Genteel Victorian village of Cranford goes on the road

CRANFORD drew TV audiences running into the millions with its witty and poignant comedy of early Victorian life in a genteel English country market town.

A new stage version is looking for similar success.

After three dates before Christmas, it is now on the road again on a tour which brings it to Worthing’s Connaught Theatre, from Tuesday, February 1-Saturday, February 5 (7.30pm nightly, matinees Wednesday at 2pm and Saturday at 2.30pm).

Kirsten Cooke, best known for her role as Michelle in TV’s ‘Allo, ‘Allo, plays Miss Matty, the Judi Dench role - and is loving it.

“I think the English love a costume drama, and there is also the nostalgia. I think we are quite a nostalgic nation. Everybody likes to look back at a time and think it was much better and much rosier.”

The reality was, of course, rather different: “The fact is that if you were seriously unwell, your chances of survival would not have been great.”

And there was plenty of pathos in the characters themselves.

“My character had a man that was interested in her when she was younger, but he didn’t come up to scratch on the table manners side of things. Her parents wrote him off and said that he was out of the question. He dies during the course of the play - not that she has seen him very much since. But she is very much affected by it. She is destroyed by it, but she couldn’t show her emotions. That’s the thing that the Victorians were very good at, not showing their emotions. But it’s very sad. Her life could have been so different if she had been allowed to marry this man.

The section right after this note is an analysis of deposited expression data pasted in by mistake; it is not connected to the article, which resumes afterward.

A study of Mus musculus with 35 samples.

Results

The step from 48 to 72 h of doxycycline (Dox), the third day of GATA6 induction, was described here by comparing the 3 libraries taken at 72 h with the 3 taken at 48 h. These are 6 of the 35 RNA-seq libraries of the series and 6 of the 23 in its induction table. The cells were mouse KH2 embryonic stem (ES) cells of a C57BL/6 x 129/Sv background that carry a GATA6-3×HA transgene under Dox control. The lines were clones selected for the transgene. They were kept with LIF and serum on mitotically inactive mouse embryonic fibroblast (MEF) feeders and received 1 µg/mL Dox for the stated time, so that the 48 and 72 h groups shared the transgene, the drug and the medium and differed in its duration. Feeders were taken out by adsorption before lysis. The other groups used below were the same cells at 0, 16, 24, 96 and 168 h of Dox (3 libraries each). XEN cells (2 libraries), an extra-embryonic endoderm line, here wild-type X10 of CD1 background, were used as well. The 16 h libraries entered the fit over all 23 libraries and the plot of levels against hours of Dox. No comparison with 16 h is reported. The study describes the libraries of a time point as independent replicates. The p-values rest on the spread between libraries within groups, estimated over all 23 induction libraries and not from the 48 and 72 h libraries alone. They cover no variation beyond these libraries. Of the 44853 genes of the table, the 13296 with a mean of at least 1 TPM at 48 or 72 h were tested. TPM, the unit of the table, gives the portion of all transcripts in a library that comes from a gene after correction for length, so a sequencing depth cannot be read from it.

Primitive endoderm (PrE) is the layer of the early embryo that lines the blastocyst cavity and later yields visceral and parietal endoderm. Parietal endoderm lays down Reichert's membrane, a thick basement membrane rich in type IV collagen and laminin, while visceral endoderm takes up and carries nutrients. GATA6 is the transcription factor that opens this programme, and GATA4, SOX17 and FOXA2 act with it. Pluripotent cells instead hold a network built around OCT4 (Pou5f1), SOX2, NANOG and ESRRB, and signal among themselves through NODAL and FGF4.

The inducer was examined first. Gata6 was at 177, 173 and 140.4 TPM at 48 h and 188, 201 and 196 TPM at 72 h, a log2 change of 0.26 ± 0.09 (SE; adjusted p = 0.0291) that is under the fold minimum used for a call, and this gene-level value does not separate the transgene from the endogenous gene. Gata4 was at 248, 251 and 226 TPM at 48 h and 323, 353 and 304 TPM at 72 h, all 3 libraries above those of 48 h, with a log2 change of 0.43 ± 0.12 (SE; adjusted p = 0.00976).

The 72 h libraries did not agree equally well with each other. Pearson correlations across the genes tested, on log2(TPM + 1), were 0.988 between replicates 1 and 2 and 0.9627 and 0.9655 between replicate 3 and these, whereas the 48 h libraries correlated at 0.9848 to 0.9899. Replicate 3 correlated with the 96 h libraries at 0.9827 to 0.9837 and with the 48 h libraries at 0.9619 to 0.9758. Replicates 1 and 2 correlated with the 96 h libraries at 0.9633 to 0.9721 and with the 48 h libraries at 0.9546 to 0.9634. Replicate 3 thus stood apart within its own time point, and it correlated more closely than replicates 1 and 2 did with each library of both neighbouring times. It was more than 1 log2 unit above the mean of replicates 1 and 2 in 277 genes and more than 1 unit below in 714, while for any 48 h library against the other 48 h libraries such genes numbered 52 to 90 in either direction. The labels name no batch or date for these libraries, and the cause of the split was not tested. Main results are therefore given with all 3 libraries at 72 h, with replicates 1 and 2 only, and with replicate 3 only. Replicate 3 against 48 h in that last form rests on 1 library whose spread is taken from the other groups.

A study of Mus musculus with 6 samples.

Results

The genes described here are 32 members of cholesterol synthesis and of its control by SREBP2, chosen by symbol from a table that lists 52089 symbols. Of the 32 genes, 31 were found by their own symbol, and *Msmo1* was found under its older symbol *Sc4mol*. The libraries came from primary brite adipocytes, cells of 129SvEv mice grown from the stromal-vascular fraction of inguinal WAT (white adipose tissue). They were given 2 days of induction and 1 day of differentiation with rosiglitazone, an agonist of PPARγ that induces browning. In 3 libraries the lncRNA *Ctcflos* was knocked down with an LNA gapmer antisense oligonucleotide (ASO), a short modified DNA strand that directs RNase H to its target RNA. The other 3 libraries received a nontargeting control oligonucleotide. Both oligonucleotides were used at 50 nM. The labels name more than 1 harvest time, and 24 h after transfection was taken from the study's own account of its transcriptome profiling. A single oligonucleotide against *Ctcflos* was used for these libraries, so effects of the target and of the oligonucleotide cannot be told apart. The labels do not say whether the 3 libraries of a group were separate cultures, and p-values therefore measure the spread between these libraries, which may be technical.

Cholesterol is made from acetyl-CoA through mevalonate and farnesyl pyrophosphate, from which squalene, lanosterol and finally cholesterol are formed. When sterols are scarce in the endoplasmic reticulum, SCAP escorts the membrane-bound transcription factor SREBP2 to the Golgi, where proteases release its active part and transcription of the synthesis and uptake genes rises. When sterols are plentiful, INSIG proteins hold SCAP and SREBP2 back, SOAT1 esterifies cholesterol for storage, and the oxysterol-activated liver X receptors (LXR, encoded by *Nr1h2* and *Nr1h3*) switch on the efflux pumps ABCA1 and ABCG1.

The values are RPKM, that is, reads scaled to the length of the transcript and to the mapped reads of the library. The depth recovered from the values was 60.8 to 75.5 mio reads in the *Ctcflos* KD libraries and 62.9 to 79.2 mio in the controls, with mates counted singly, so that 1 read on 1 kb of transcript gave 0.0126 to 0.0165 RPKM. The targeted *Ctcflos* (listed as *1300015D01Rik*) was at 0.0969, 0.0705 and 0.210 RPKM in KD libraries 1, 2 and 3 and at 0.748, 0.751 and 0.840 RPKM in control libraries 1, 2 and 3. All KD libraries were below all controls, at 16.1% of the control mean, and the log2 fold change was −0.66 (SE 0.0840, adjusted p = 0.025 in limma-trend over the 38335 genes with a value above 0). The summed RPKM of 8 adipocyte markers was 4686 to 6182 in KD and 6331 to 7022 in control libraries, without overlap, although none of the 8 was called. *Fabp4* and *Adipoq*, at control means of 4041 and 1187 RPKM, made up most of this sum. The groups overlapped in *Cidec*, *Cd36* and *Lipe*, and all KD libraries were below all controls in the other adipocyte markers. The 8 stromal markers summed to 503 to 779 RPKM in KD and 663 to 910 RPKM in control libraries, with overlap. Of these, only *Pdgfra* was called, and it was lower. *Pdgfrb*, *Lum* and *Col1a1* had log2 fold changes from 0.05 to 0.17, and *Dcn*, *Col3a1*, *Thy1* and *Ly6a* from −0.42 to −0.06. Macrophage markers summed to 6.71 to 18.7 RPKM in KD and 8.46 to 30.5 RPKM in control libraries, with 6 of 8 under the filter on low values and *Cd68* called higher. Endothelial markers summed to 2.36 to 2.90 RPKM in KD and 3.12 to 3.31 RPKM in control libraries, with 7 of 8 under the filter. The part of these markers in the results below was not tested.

“The whole place revolves around widows and spinsters. They have not got much apart from their gossip. But the class system is breaking down at this point. There is a certain adjustment in people’s attitudes towards the social classes. It is the rise of the common man.

“There is also a financial side, how easily people were financially ruined. All these widows have only the money that their husbands or parents left them. They have got no real income. But they are a community. There is a loyalty. They give each other advice and they listen to each other and they try to make something out of the small things in life.”